Desiderata

Some things said well have the misfortune to become overexposed and then considered as cliches because of it. A connotation is assigned to them which conveys contempt. Desiderata does not deserve that. The link to GoodReads.com says it well: “…what it says remains timeless and reserves for its author a niche in that poetical pantheon to which belong those writers who have, at least once, seen an eternal truth clear.”

I read it over and over and am always filled with its perfection and completeness.

Desiderata

Go placidly amid the noise and haste, and remember what peace there may be in silence.
As far as possible without surrender be on good terms with all persons.
Speak your truth quietly and clearly; and listen to others, even the dull and ignorant; they too have their story.
Avoid loud and aggressive persons, they are vexations to the spirit.
If you compare yourself with others, you may become vain and bitter;
for always there will be greater and lesser persons than yourself.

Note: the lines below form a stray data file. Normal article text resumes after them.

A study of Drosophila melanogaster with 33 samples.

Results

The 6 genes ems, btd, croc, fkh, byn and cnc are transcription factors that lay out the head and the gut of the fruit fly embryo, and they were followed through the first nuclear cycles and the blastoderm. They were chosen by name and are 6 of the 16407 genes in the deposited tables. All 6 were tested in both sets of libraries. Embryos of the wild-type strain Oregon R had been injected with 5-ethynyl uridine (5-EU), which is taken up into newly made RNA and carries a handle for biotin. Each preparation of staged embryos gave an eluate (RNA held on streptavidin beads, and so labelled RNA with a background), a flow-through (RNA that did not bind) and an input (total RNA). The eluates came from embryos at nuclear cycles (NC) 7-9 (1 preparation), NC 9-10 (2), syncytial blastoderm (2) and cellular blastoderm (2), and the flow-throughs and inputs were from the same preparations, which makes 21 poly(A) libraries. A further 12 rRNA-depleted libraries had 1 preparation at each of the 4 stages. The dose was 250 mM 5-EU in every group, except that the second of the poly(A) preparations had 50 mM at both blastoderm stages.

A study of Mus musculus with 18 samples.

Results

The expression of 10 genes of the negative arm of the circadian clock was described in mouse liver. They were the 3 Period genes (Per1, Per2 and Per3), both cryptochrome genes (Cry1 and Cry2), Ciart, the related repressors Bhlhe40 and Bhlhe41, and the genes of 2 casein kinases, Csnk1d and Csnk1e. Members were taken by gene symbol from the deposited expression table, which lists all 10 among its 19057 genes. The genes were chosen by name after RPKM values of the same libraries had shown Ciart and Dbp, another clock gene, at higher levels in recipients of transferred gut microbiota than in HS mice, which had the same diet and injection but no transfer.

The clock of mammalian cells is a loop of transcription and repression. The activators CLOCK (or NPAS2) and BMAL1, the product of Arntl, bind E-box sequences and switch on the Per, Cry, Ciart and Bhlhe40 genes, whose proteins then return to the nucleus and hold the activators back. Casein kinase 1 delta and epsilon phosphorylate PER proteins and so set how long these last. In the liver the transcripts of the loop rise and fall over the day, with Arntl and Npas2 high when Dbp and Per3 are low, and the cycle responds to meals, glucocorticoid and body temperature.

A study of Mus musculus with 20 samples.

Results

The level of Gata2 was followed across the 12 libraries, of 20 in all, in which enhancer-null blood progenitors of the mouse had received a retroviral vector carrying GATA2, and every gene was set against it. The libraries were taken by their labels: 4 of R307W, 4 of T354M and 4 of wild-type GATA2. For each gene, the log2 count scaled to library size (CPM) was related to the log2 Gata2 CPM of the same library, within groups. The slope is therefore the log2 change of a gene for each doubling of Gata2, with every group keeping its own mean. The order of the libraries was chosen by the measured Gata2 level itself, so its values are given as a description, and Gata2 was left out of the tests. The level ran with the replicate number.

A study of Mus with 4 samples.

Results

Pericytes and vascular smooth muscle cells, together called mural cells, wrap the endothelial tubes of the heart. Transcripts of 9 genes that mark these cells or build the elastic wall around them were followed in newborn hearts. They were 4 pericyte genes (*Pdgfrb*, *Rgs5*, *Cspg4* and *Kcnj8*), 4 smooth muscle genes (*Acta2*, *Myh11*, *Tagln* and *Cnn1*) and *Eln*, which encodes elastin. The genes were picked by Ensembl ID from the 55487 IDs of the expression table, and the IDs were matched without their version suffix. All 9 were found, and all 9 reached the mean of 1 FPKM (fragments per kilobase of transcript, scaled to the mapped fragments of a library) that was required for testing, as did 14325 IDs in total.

Enjoy your achievements as well as your plans.
Keep interested in your career, however humble; it is a real possession in the changing fortunes of time.
Exercise caution in your business affairs; for the world is full of trickery.
But let this not blind you to what virtue there is; many persons strive for high ideals;
and everywhere life is full of heroism.

Be yourself.
Especially, do not feign affection.
Neither be critical about love; for in the face of all aridity and disenchantment it is as perennial as the grass.

Take kindly the counsel of the years, gracefully surrendering the things of youth.
Nurture strength of spirit to shield you in sudden misfortune. But do not distress yourself with imaginings.
Many fears are born of fatigue and loneliness. Beyond a wholesome discipline, be gentle with yourself.

You are a child of the universe, no less than the trees and the stars;
you have a right to be here.
And whether or not it is clear to you, no doubt the universe is unfolding as it should.

Therefore be at peace with God, whatever you conceive Him to be,
and whatever your labors and aspirations, in the noisy confusion of life keep peace with your soul.
With all its sham, drudgery and broken dreams, it is still a beautiful world. Be careful. Strive to be happy.

© Max Ehrmann 1927

 

NOTE: Also, contrary to what is stated at GoodReads, the work is not protected by US copyright law and is available in the public realm. In the late 1970’s the United States Court of Appeals for the Seventh Circuit  determined copyright had been forfeited because the poem had been authorized for publication without a copyright notice in the 1940s – and that the poem is therefore in the public domain.